Negotiations for a deal to raise the US debt ceiling and thereby avoid a default with potentially catastrophic consequences for the world economy briefly resumed Friday before concluding with no progress cited by either side.

Republicans had returned to the bipartisan talks with the White House on Friday evening, hours after negotiations had come to an abrupt stop earlier in the day.

“We had a very, very candid discussion talking about where we are, talking about where things need to be,” said Garret Graves, the Republican representative, to reporters following a brief meeting in the Capitol with White House officials.

“This wasn’t a negotiation tonight,” Graves said, adding the timing of the next meeting was not set.

Representative Patrick McHenry said he was not confident the two sides could meet the House speaker Kevin McCarthy’s goal of reaching a deal this weekend.

Earlier in the day, Graves of Louisiana, the lead negotiator for House Republicans in talks with the Biden White House, had told reporters at the Capitol: “We’re not there.”

“We’ve decided to press pause, because it’s just not productive.”

The impasse had rattled financial markets with the deadline ticking closer to avoid default.

The treasury secretary, Janet Yellen, has said that without action the US government will cease to be able to pay its debts on or around 1 June.

Joe Biden is away at the G7 summit in Japan. White House officials were leading talks for Democrats.

One told the Guardian: “There are real differences between the parties on budget issues and talks will be difficult. The president’s team is working hard towards a reasonable bipartisan solution that can pass the House and the Senate.”

For decades after 1917, when the federal debt was capped, raising that limit, or ceiling, was usually a routine procedure, if subject to political grandstanding.

In 2006, the Illinois Democratic senator Barack Obama voted against a raise under a Republican president, George W Bush.

But Republicans have increasingly and effectively employed threats to refuse to raise the ceiling as a bargaining tool and in 2011, as president, Obama was forced to say he regretted his vote of five years before.

In the 2011 standoff, the House GOP extracted trillions of dollars in spending cuts which Obama was forced to sell to his party. Now, under Biden, the same dynamic is in play.

With the Republican House speaker, Kevin McCarthy, beholden to far-right members who made him endure 15 votes before gaining the position, the GOP is demanding hefty cuts to spending, on Democratic priorities including healthcare and climate, in return for a debt ceiling raise.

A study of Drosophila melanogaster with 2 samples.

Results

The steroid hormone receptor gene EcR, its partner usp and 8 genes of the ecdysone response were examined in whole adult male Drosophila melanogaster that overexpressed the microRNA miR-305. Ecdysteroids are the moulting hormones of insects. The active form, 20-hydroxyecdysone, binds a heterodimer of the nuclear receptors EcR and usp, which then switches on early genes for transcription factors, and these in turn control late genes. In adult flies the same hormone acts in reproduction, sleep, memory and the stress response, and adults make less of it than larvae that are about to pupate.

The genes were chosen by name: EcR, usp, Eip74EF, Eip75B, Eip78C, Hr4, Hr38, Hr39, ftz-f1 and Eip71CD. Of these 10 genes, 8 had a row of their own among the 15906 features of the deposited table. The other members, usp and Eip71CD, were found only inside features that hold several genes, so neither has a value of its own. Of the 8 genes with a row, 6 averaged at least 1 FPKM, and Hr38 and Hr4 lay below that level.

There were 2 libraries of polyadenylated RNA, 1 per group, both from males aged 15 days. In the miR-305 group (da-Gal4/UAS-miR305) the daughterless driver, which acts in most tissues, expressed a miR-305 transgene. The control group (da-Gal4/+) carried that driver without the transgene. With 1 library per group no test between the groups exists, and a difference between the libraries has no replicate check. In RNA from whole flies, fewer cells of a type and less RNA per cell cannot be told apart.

Democrats say Republicans should agree a clean raise – meaning without preconditions – as they did repeatedly under Donald Trump. Democrats also demand that Biden does not blink.

Senator Bernie Sanders, flanked by Senators Jeff Merkley, left, and Ed Markey, urges Joe Biden to invoke the 14th amendment. Photograph: Shawn Thew/EPA

At the Capitol on Friday, Graves said: “Until people are willing to have reasonable conversations about how you can actually move forward and do the right thing, then we’re not going to sit here and talk to ourselves.”

Republican leaders outside the talks sought to apply pressure. Not long before Graves spoke to reporters, Trump said his party should not give ground.

Republicans, the presidential frontrunner wrote on his Truth Social platform, “should not make a deal on the debt ceiling unless they get everything they want (including the ‘kitchen sink’). That’s the way the Democrats have always dealt with us. Do not fold!”

Mitch McConnell, the Republican leader in the Senate, aimed fire at Biden, accusing the president of “wait[ing] months before agreeing to negotiate with Speaker McCarthy on a spending deal.

“They are the only two who can reach an agreement,” McConnell said. “It is past time for the White House to get serious. Time is of the essence.”

Chris Murphy, a Democratic senator from Connecticut, countered: “We are in a crisis, for ONE REASON – House Republicans threat to burn down the entire economy if they don’t get their way.”

In a recent column for the New York Times, the Harvard law professor Laurence A Tribe, an expert in constitutional law, accused Republicans of playing “chicken or, maybe more accurately, Russian roulette” with the US debt.

Tribe went on to outline his theory of how Biden has the authority to raise the ceiling on his own, under the 14th amendment, which says the US national debt “shall not be questioned”.

Tribe wrote: “Mr Biden must tell Congress in no uncertain terms – and as soon as possible, before it’s too late to avert a financial crisis – that the United States will pay all its bills as they come due, even if the treasury department must borrow more than Congress has said it can.”

Such a step has support from prominent Democrats.

In a letter earlier this week, a group of senators including Elizabeth Warren and Bernie Sanders (an independent who caucuses with the party), said: “Using this authority would allow the United States to continue to pay its bills on-time, without delay, preventing a global economic catastrophe.”

But Biden has resisted so far.

On Friday, an unnamed official told the Washington Post the Biden White House still believed “a path to a reasonable bipartisan budget agreement” was possible, “as long as both sides recognise that they won’t get everything they want and compromise is necessary”.